SAN FRANCISCO —Twitter wants to make it easier for everyone to catch up on what’s happening.
That’s the promise of a new tab called Moments that, with a single tap, reveals the best and most relevant tweets from major events, say this week’s deadly flooding in South Carolina, the train derailment in Vermont or the firing of Miami Dolphins coach Joe Philbin.
The content, which includes photos and videos, is collected and curated by a team of editors, so no fumbling around to figure out who or what to follow on Twitter. Moments is rolling out Tuesday in the USA on iOS, Android and desktop.
“We want to make Twitter more approachable for folks who have not found it approachable in the past,” said product manager Madhu Muthukumar. “We want to be able to help anybody, whether a Twitter user or not a Twitter user, to find really great content the second they encounter Twitter.”
With Moments, Twitter is tackling a daunting problem: with its confusing jargon and conventions, Twitter presents too steep a learning curve for many newcomers. And that has stalled user growth at the service, which has about 300 million monthly active users. That’s a fraction of giant social network Facebook’s 1.5 billion users and smaller even than Facebook-owned photo-and-video sharing service Instagram, which now has 400 million users.
Reversing sluggish growth by making Twitter more appealing to the mainstream is job No. 1 for Twitter’s new chief executive Jack Dorsey.
Dorsey, who is also a Twitter co-founder, said during the company’s second-quarter earnings call that Twitter is challenging itself to make the product “easier and more compelling to more people.”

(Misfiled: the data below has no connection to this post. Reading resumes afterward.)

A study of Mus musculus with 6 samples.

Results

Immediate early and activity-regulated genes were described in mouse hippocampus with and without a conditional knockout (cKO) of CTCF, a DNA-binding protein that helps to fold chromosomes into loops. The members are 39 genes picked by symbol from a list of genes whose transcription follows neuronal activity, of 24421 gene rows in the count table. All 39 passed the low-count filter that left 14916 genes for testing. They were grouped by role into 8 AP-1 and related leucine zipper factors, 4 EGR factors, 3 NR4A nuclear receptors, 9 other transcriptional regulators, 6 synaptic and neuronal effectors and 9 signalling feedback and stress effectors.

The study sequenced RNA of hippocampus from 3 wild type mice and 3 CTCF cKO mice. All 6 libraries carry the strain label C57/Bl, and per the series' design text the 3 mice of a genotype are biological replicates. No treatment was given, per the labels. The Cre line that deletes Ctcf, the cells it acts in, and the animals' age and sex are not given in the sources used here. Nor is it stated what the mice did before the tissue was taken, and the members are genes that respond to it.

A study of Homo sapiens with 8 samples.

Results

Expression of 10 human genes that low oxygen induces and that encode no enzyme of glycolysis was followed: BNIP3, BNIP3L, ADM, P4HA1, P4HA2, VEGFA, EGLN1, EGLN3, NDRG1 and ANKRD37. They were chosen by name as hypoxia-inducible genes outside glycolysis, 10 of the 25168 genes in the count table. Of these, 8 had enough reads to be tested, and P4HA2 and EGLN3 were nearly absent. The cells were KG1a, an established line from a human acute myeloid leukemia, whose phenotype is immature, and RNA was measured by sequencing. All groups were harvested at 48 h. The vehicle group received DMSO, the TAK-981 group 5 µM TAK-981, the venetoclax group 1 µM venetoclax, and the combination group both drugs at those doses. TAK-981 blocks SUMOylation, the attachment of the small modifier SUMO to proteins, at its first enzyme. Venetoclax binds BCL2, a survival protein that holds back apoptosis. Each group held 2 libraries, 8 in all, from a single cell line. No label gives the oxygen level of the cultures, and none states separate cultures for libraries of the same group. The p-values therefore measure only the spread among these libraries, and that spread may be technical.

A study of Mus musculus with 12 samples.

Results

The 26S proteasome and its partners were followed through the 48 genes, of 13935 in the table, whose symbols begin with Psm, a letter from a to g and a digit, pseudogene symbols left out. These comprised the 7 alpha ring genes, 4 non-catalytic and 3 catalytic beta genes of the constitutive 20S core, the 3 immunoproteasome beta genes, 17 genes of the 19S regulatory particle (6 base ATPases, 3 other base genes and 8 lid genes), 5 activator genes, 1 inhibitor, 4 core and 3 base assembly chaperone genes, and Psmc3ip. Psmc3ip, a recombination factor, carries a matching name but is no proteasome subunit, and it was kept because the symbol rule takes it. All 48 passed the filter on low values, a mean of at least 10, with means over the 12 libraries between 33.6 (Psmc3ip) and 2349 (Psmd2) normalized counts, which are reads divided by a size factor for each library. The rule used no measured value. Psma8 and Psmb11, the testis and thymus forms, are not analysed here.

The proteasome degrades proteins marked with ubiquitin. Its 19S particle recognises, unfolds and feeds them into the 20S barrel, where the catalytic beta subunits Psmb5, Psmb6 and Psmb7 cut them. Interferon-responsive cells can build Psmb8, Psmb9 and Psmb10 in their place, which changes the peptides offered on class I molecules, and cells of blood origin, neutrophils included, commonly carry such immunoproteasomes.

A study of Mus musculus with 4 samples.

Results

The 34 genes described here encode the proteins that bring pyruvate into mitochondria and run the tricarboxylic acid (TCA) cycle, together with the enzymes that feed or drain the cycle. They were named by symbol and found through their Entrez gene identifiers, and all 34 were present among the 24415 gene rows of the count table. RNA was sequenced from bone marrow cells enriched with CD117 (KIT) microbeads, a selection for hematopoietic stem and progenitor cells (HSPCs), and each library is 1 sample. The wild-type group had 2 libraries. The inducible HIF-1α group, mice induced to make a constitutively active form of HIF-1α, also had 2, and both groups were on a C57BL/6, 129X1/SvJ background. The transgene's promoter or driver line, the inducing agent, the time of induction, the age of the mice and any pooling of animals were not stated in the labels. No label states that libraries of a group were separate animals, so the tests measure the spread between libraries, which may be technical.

Moments, whose code name was Project Lightning, is a bid to get Twitter in front of more people with the hope they will sign up for the service and become regulars on it. The lure: People can tune in for real-time information without having to study up on how Twitter works.
Over the years Twitter become known as a top destination to follow breaking news, kibitz about awards shows or presidential debates and take sides in the latest celebrity grudge match. But that reign is endangered by growing competition from rival services such as Facebook, Instagram and Snapchat.
Twitter has tried to suck more people in with “Trending Topics,” the now defunct Discover tab and a new feature that recaps notable stuff that happened while you were away from Twitter. But nothing has helped Twitter fully capitalize on its core strength: tapping into news or live events as they unfold.
“The trouble is that it’s hard to identify where the content is going to be without doing some work searching for the right hashtags or terms,” Muthukumar said. “It’s not for lack of interest. It’s too hard for people,”
Moments takes people out of their timelines and into a new tab that organizes tweets.
“It’s a really easy way for us to put the best Twitter content in front of people,” Muthukumar said. “This is a bridge to becoming a more regular user.”
How it works:
Tap on the lightning bolt tab on your phone and a list of Moments will pop up. You can also swipe through to topics including entertainment and sports.
When you tap on a “moment,” you’ll be taken to an introduction with a title and description. Swipe through and you will see a series of tweets including images, videos, Vines and GIFs. A single tap and you can favorite or retweet the tweet. A double tap favorites the tweet.
At the end of a “moment,” you can click the share button to tweet your thoughts or send it out to followers. Swipe up or down to dismiss it. You can also follow a moment to get updates in your timeline as they become available. And you can embed the “moment” on other websites.
Most of the “moments” are curated by Twitter, but some will come from news organizations such as Bleacher Report and Fox News or from organizations such as Major League Baseball.